We are taking today to participate in Gender Across Border and CARE’s Blog for International Women’s Day. Their theme this year is ‘Connecting Girls, Inspiring Futures.’
Today is International Women’s Day. What that means is that on this day, all around the world, people are celebrating women and the awesome contributions they make to society.
My first introduction to International Women’s Day was in Florence, Italy in 2008. We were staying at a small hotel and the dining room was closed off for a women’s banquet celebrating women in Florence. I assumed it was a European thing, as I had never heard of it in the US. It’s not though. It’s truly international in that groups here in the US, groups in Europe and groups working in places all around the world will celebrate women today.
Now, what in the world does this have to do with the environment? I’m so glad you asked. The intersection of women and the environment is gaining more and more recognition – particularly in ‘developing’ countries. Plus, women have done some pretty wonderful things in the fields of the environment – Rachel Carson kicked off the modern environmental movement, Karen Warren started a new way to talk about women and the environment, and Vandana Shiva was just awesome.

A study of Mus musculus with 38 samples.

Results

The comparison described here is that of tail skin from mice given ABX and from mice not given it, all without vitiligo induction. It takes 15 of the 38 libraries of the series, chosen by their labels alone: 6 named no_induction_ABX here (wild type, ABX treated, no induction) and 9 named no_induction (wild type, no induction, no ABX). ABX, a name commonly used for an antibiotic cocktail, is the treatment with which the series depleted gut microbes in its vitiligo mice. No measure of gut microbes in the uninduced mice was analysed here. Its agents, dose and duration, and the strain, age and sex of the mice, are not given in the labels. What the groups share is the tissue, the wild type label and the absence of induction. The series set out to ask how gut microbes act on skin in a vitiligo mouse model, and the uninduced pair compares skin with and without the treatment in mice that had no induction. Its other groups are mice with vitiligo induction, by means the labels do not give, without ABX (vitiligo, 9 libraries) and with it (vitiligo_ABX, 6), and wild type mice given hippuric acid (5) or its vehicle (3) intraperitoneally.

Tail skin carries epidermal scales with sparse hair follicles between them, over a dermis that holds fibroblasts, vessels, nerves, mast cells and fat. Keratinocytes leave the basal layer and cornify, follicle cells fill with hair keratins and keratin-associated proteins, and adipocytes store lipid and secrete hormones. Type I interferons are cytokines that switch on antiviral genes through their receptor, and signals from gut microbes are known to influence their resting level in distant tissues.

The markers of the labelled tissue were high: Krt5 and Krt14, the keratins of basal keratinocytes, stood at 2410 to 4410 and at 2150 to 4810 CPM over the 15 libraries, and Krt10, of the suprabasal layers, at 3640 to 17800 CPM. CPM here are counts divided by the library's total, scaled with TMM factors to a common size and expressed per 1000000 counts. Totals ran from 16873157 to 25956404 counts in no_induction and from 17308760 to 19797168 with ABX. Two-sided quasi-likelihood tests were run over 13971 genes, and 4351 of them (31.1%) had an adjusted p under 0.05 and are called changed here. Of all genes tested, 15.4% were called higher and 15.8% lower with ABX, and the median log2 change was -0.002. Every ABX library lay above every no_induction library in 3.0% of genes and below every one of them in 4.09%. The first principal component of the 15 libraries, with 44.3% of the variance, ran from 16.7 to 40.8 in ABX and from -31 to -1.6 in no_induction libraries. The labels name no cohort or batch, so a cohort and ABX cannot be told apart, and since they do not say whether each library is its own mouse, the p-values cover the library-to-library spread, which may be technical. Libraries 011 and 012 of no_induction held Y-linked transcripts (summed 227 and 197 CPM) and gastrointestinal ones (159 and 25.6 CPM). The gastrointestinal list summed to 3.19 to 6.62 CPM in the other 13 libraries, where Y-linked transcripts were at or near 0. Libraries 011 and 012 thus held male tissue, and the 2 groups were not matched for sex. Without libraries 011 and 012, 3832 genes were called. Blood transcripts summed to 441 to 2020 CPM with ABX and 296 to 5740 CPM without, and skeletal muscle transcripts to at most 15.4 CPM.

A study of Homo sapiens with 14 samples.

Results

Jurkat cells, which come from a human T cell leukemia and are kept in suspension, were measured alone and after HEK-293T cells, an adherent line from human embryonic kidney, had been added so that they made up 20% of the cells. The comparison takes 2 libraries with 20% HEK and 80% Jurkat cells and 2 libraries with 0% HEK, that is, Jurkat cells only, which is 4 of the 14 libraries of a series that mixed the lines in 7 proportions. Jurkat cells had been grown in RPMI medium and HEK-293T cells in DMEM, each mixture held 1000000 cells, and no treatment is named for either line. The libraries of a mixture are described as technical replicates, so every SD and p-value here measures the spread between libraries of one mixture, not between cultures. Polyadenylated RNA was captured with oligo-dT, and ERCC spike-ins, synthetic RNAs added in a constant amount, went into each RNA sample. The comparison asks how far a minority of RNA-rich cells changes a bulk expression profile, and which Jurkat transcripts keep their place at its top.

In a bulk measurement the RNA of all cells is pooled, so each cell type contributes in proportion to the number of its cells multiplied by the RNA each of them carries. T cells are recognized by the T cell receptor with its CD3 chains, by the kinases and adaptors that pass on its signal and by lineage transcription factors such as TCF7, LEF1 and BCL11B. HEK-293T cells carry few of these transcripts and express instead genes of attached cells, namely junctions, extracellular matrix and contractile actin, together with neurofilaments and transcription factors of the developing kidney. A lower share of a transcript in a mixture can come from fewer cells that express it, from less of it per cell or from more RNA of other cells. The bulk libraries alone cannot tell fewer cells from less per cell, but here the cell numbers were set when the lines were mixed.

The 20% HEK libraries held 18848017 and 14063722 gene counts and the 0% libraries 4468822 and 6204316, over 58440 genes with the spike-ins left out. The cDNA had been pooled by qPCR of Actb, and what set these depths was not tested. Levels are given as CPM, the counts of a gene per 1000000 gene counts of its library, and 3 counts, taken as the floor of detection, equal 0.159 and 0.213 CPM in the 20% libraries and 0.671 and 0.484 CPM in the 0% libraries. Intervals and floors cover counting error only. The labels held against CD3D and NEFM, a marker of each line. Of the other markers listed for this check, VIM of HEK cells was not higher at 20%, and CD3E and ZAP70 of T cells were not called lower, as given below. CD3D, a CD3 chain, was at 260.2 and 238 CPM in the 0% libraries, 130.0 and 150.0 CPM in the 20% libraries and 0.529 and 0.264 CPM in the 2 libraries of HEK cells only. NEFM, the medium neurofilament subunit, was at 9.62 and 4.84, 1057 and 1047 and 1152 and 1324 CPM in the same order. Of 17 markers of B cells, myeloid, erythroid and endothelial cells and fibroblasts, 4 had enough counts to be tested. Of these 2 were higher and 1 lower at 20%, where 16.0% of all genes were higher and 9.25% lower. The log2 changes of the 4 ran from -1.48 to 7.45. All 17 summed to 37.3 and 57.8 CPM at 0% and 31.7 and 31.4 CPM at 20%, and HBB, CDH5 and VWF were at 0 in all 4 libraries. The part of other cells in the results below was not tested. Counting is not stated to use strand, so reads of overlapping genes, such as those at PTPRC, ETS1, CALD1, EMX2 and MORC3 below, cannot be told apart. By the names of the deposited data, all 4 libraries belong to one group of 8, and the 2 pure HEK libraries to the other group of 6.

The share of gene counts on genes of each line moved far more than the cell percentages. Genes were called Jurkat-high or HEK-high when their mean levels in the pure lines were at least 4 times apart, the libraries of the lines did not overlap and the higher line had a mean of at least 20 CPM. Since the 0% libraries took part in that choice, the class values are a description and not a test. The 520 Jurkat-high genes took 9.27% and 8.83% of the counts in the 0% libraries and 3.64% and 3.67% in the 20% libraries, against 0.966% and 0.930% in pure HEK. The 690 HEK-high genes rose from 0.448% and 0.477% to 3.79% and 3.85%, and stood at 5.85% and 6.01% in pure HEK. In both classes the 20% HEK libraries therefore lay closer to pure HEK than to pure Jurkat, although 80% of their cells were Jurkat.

When it comes to the intersection of women and the environment, The Women’s Earth Alliance is getting to the heart of it and inspiring change. The Women’s Earth Alliance highlights some of the key connections between women and the environment, but I want to pay particular attention to the subject near and dear to my heart: Women and Water.
When talking about women and the environment, water is a fantastic example of how women are stepping up to engage with the policies that govern their environment. Women are the primary collectors of water and can spend up to eight hours a day collecting water for their households.
Despite this, the technologies that are produced by companies to ease access to water issues are not designed with women in mind — the handles are too high or too much force is required to move it, or it is located in an unsafe area for women. A paradox is created where women are the collectors of water, but men are the producers of technology. These roles become gendered, and almost incompatible. Because men produce the tech, and patriarchy rules, women are not able to influence policy.
But this is changing. Women are striking back and winning back their right to decide on water policy. In East Africa, the Women’s Earth Alliance highlights the role that women are playing in water policy today. In various communities in South America, women are speaking up about their water needs and how to best address them. Women are being trained in the technology side of things, which allows them to break into designing the technology that they will use.
Women are doing awesome things, and refusing to sit by while their lives are dictated by gender norms. I think that’s cause to celebrate, don’t you?